Ripple lawsuit heats up: SEC takes aim at heart of Ripple’s legal defense
“To the SEC’s knowledge, no federal court has accepted a defendant’s argument that the term fails to provide the constitutionally required notice; indeed, in the realm of offers or sales of digital assets, at least two district courts in this Circuit have rejected that argument”, the regulator stated.
The SEC has filed a motion to dismiss Ripple’s “lack of due process and fair notice” defense that the XRP token could be deemed a security.
The SEC v. Ripple lawsuit has been filed with twists every other day, which in turn feeds the market sentiment of the XRP. Even co-founder and CEO Brad Garlinghouse’s recent words provide some insight into the emotional rollercoaster for XRP holders and other stakeholders.
“What I don’t want is for you to worry. We will get through this, and we will prove our case in court. We have a phenomenal legal team and as I said, we are on the right side of the law, to begin with. Know, however, that the legal system is slow, and this is just the beginning of a long, civil process.”
Despite Mr. Garlinghouse’s hopeful words, the Securities and Exchange Commission is now on the attack and has just asked the court to dismiss Ripple’s fourth affirmative defense of “lack of Due Process and fair notice” based on the grounds of being legally insufficient.
“The thrust of Ripple’s defense is that the SEC was obligated to but did not specifically warn Ripple that it was violating the law before the SEC filed suit […] This defense — focused on what the SEC did not do before it filed this enforcement action — is legally insufficient and should be stricken.”
“Ripple’s contention that the SEC must warn a market participant about its legal violation, or that the SEC must issue regulations or guidance before the SEC can exercise the authority Congress conferred on the SEC to enforce the securities statutes, finds no support in the Due Process Clause or any other principle of law”, the SEC continued.
“The implications of Ripple’s defense—that to prosecute violations of the securities laws the SEC must provide specific notice of the illegality of certain conduct in advance of filing its action—turns the statutory regime on its head, and the Due Process Clause requires no such result.”
“To the SEC’s knowledge, no federal court has accepted a defendant’s argument that the term fails to provide the constitutionally required notice; indeed, in the realm of offers or sales of digital assets, at least two district courts in this Circuit have rejected that argument”, the regulator added on the filing.
CFTC eyes SEC v. Ripple for regulatory clarity
A few days ago, CFTC Commissioner Stump has expressed the CFTC’s attention to the lawsuit filed by the SEC against Ripple Labs and its co-founders for having sold more than 14.6 billion XRP tokens worth $1.38 billion in an unregistered offering, according to the complaint.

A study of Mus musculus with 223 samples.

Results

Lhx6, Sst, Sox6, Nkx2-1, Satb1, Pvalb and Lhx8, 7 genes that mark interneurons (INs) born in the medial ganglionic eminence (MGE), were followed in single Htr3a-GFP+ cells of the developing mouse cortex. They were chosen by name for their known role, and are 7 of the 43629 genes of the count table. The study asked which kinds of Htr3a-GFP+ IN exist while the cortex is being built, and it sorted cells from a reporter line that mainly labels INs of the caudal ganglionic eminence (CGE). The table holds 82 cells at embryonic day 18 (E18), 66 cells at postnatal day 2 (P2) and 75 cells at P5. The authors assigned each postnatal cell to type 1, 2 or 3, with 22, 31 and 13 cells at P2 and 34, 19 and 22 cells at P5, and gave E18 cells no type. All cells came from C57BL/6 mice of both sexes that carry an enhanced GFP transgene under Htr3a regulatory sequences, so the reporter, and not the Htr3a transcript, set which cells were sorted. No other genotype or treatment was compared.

“The question of whether XRP is a security will be crucial. XRP is similar to bitcoin and other digital assets but also different in key respects, which prompted the SEC’s investigation. Bitcoin was an open software project launched by a pseudonymous creator calling himself Satoshi Nakamoto. XRP was created, sold initially, and backed by the company known as Ripple.
“I am watching the outcome of this case closely because it will help to establish the scope of the SEC’s authority in the digital assets space”, Commissioner Stump said, drawing attention to SEC Commissioner Hester Peirce’s work regarding the application of the “Howey test” to digital assets, which provides the framework for determining whether certain assets are securities.
In the context of the SEC’s lack of clarity, XRP holders’ lawyer John E. Deaton said it “doesn’t take an expert to see that plenty is very wrong, very corrupt and very outrageous about the SEC’s lawsuit against Ripple”.
He has recently published an op-ed stating his belief that the regulator is misleading the court as it secretly targets all XRP holders with its SEC v. Ripple lawsuit. John E. Deaton’s published the accusatory text against the SEC as the regulator welcomes Gary Gensler as its new Chair.
Not only the regulator is being attacked for having filed the complaint the day before Chairman Jay Clayton left his position, but for accusing Ripple’s co-founders of bad faith while also being unclear about the security status of XRP, in what Brad Garlinghouse called “ironic”.
Most recently, the SEC raised eyebrows for protesting against a subpoena on One River Asset Management, which hired ex-SEC Chairman Jay Clayton after he filed the complaint against Ripple the day before leaving office.
Brad Garlinghouse and Chris Larsen, Ripple’s co-founders, have recently filed twin motions to dismiss the case against them.